By Dan McHardie
With overflowing bookshelves and a lack of meeting rooms, the Ottawa Public Library is looking for municipal funding to renovate its facilities or find a new home.
Barbara Clubb, the chief librarian of the Ottawa Public Library, says the different branches need $10 million in upgrades to eliminate piles of books mounting on top of each other because of a shortage of shelves.
Though she says a new $5 million facility in South Keys is the library board’s top priority, Clubb points out that the downtown branch is in dire need of renovation.
Clubb outlines an exhaustive list of serious upgrades needed by the main branch, including making the library more accessible to people with disabilities, the inconvenience of having only one elevator, and a lack of meeting rooms and shelf space.
She says renovating three other libraries, including the main branch at the corner of Metcalfe Street and Laurier Avenue, top her current unfunded capital expense priority list. The projects aren’t covered by the annual grant given by the City of Ottawa.
These priorities outlined in the library’s wish list detail many top concerns the library has, but simply can’t find the money in its coffers to implement.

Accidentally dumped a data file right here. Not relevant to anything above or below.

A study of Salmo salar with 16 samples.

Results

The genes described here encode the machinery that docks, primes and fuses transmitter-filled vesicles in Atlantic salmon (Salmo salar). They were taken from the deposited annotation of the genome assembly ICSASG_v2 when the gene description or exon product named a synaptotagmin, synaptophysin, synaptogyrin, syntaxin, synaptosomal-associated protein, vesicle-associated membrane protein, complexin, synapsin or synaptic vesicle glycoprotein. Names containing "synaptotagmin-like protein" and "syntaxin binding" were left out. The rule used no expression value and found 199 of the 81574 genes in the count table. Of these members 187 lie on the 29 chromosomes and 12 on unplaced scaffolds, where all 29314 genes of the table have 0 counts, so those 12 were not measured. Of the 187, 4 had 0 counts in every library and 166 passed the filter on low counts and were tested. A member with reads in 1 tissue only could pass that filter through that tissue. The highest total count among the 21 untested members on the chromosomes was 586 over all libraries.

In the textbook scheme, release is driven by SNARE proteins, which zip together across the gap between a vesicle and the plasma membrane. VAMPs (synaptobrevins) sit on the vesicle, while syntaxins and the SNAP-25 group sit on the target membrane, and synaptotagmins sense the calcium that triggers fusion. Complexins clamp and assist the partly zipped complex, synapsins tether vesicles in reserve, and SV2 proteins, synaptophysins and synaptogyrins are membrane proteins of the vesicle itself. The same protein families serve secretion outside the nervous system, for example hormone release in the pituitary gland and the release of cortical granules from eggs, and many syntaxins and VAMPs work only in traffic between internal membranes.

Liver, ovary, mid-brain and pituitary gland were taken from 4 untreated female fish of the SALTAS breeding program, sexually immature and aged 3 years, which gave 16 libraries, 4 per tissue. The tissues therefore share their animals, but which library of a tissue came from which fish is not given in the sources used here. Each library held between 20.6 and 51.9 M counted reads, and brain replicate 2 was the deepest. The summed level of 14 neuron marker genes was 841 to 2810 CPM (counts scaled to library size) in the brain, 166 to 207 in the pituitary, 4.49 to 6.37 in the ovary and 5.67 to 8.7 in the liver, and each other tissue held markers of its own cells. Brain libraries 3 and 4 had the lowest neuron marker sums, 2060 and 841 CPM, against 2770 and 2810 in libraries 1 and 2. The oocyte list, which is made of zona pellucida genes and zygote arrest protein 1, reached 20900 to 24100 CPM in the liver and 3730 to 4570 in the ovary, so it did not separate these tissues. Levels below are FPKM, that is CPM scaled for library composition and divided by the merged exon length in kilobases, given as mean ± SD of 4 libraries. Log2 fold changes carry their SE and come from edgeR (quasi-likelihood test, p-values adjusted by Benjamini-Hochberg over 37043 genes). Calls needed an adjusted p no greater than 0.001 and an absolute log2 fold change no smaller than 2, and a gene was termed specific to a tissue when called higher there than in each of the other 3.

“The (municipal library) board doesn’t have the capacity to tax, and the library can’t take out a loan. These are major dollar investments, but our fortunes are tied to the City of Ottawa and they have made it clear they don’t want to incur any new debt,” Clubb says, adding she acknowledges it’s hard for the city to chose where to allocate scarce capital dollars.
But because the library is located in very cramped quarters, the board is floating the idea of possibly finding a new home.
The main branch will soon be conducting a feasibility study for the city to determine if the building can continue to house the facility.
David Daubney, chair of the library’s board of trustees, says the library is clearly in need of change to bring it in line with the other main libraries across the country.
“The Ottawa library is not the best main library of any city of comparable size in Canada,” says Daubney, adding it’s foolish for the trustees not to look at relocating the downtown facility.
But he says the board of trustees will be bringing the proposal of a new South Keys branch, and its other concerns to the Oct. 21 city council meeting.
“These plans are No. 1 on our list, and it is important we can make it one of the top three capital expenses on the priority list of the city,” Daubney says. “We can’t do it without (money from) the city.”
Raising money isn’t normally a problem for the library, Daubney says, who were very successful in raising money for small projects such as providing CD-ROMs for the main branch last year.
Beverly Rix, vice-president of Friends of the Ottawa Public Library, says the 15-year-old organization raised around $50,000 last year for the library, but the money is traditionally allocated to resource materials.
“In the past, we have funded specific literary materials, vans for shut-ins, and money gifts to the library,” Rix says. “Friends raises money for relatively small scale projects — between $10,000 to $30,000. We cannot replace grants from the municipal or provincial grants.”
But she says the organization, if approached, would not be opposed to help fund-raise money for a major expense, such as moving to an alternate location.